When I started learning how to program a little over a year ago, I was driven by the motivation of gaining the ability to create. After gaining some proficiency and pushing code as a profession I have started to arrive at the conclusion that while programming in itself is an immensely useful skill it is also very time defective and most of the time wasteful. Working at a startup, I have always been plagued by the question of whether the work I am doing right know is actually going to be beneficial and useful to our users instead of vanity work that both adds no value to the product and wastes my time. Being a devotee of the principles of lean startup, I wanted to turn to the data and find a way to effectively let our analytics drive our development focus. But even then, it is hard to avoid many manual iteration cycles of trying out new ideas and experimenting.
Until recently, I had resigned to accepting fact that this process was just part of the whole process of tech entrepreneurship and that the answer was to simply become more efficient and only build what was necessary. That is until I read a book called, The Master Algorithm by Pedro Domingos. In this book, Domingos introduced me to the wonders of machine learning in fine yet accessible detail. Up until then I had not given much thought into how Google exploded onto the scene with accurate speech recognition, or how Facebook’s eerily accurate face recognition worked.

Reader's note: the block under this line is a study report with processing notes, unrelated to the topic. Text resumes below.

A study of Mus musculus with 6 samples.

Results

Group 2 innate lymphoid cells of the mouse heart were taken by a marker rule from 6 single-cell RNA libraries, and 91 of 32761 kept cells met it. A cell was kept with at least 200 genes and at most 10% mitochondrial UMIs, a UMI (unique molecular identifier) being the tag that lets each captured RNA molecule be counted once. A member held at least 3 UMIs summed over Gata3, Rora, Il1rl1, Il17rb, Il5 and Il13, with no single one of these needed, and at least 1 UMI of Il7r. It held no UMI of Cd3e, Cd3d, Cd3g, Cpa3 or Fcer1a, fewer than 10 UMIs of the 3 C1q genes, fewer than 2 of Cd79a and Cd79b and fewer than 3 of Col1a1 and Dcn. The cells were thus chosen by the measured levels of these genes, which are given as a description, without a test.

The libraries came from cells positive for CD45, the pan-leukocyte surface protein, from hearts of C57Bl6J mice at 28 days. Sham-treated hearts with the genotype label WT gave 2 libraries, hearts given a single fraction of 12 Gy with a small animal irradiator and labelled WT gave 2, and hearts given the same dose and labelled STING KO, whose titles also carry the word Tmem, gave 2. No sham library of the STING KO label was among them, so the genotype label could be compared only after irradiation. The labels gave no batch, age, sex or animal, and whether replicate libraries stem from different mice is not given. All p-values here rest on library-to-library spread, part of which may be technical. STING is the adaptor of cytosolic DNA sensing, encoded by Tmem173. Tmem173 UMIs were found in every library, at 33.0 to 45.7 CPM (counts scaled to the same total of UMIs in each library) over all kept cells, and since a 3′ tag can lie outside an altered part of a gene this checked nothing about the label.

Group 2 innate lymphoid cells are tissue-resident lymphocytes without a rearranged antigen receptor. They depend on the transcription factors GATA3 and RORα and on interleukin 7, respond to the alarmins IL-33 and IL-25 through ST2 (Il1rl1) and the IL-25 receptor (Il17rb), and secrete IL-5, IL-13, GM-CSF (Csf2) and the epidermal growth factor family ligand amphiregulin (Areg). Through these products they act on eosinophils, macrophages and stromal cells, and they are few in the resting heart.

But what really got me was the idea the Machine Learning could even result in curing cancer and possibly all disease. Now that is some powerful stuff. So therefore I’ve decided to start deeper learning of the mysteries of Machine Learning. It seems like the problem most worth solving that could have the most positive impact for our race – okay and perhaps the most negative depending on who you talk to. One thing is for certain, this technology has the potential to revolutionize everything and I want to be apart of the revolution.
My strategy for learning quickly and effectively is simple. I will first learn the high level concepts of the field along with the history. Then I want to get into basic functional understanding and learn how to use a few libraries in order to accomplish practical tasks. I am debating whether it will be worth getting down into the low level details and understanding the math behind all the concepts. I want to learn enough to be able to effectively use the technology in creative entrepreneurial ways, but I don’t necessarily want to become a data engineer.
If you are also into Machine Learning please leave a comment on what inspired you to begin. Or more importantly, share some resources that you found useful in starting!